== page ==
Mercury emissions control
Rawhide uses Powder River Basin sub-bituminous coal. During coal combustion, trace mercury compounds in the coal are either vaporized as elemental mercury, chemically converted into gaseous oxidized mercury compounds or chemically bound with particulate matter. These forms of mercury represent an extremely small (parts per trillion) percentage of the flue gas. The oxidized mercury compounds are generally soluble and are captured with the existing SO2 control system as a co-benefit. Particulate mercury is readily captured with the existing particulate control system. Removing the remaining elemental mercury is more difficult and requires a separate mercury control system.
In 2008, the State of Colorado implemented its Utility Mercury Reduction Regulation specifying mercury emission rate limits that became effective for Rawhide in 2012, and were then lowered in 2018. The EPA Mercury and Air Toxics Standard (MATS) requires additional mercury reductions that became effective in 2015. In 2010, Platte River installed a state-of-the-art mercury control system that uses brominated powdered activated carbon (B-PAC) injection (ACI) technology. A continuous mercury monitoring system is installed to meet the state’s monitoring requirements and to demonstrate compliance with the emission limits.
The ACI system injects the B-PAC into the flue gas upstream from the SO2 control system. The bromide in the B-PAC reacts with elemental mercury to produce an oxidized compound which is more easily absorbed by the activated carbon particles as the flue gas is pulled through the SO2 system. After absorbing mercury, the B-PAC is collected in the particulate control system baghouses along with ash and other particulates. Additional mercury is removed while the B-PAC is present on the surface of the Teflon®-coated fiberglass bag filters prior to the periodic baghouse compartment cleaning.
Particulate emissions control
During coal combustion and sulfur dioxide (SO2) emissions control operations, ash and other particulate materials are produced by Rawhide Energy Station Unit One that must be removed from the flue gas before being discharged at the plant stack. The Rawhide Operating Permit issued by the State of Colorado limits the particulate emission rate and requires greater than 99.9 percent of these particulates be removed using a baghouse control system.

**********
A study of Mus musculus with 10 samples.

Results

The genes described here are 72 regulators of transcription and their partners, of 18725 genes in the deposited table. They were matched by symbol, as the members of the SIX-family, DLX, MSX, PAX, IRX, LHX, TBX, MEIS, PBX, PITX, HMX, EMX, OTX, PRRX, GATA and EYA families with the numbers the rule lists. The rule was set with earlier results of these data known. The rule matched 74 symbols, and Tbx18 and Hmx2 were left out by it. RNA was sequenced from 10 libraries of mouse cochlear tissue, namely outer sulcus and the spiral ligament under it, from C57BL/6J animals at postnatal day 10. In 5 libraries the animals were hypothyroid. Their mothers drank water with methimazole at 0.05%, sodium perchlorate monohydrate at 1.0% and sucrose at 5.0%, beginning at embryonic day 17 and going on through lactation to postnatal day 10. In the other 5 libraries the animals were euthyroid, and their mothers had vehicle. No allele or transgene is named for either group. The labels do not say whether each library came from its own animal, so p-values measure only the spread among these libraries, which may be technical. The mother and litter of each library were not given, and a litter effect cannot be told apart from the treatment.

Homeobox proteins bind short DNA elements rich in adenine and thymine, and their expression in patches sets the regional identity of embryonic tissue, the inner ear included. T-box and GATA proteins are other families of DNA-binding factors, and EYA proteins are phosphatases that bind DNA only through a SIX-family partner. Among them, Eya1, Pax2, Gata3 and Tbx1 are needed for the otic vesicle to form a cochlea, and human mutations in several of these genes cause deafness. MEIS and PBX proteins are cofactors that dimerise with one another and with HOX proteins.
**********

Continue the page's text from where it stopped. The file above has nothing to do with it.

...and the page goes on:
The system consists of two baghouses where the particulate is filtered from the flue gas using 34-foot-long, 12-inch-diameter Teflon®-coated fiberglass bag filters. Each baghouse contains 3,276 bag filters separated into 12 compartments. The compartments are periodically cleaned by reversing the air flow through the bag filters and the collected particulate is then either reused in the SO2 emissions control process, used by other industries or disposed of in Rawhide’s on site monofill.
Sulphur dioxide (SO2) emissions control
Rawhide uses low-sulfur Powder River Basin subbituminous coal. During coal combustion the trace sulfur compounds in the coal are converted to SO2, a gaseous air pollutant that must be removed from the flue gas before being discharged from the plant stack. The Rawhide Operating Permit issued by the State of Colorado limits the SO2 emission rate and requires that at least 80 percent of the SO2 is removed.
The SO2 emissions are controlled using a spray dryer absorber (SDA) flue gas desulfurization system. During the SDA process, hot flue gas with entrained coal flyash passes through large reaction chambers where a mixture of recycled flyash/SDA product slurry, and lime-water slurry (calcium hydroxide) is sprayed and atomized. The calcium hydroxide in the atomized slurry reacts with the SO2 in the flue gas to produce calcium sulfate and calcium sulfite. The hot flue gas evaporates the slurry and cools to produce a dry particulate material composed of calcium sulfate, calcium sulfite and unreacted calcium oxide (lime). This dry SDA product and flyash is then captured in the particulate emissions control system baghouse. A significant portion of the collected flyash and SDA product is conveyed back to the SDA and used in slurry preparation in order to enhance performance. The remaining baghouse collected flyash and SDA product is either recycled offsite for beneficial uses (i.e. block manufacturing) or disposed of in the onsite monofill.
Rawhide is consistently among the lowest SO2-emitting coal-fired plants in the U.S. according to data available from the U.S. Environmental Protection Agency.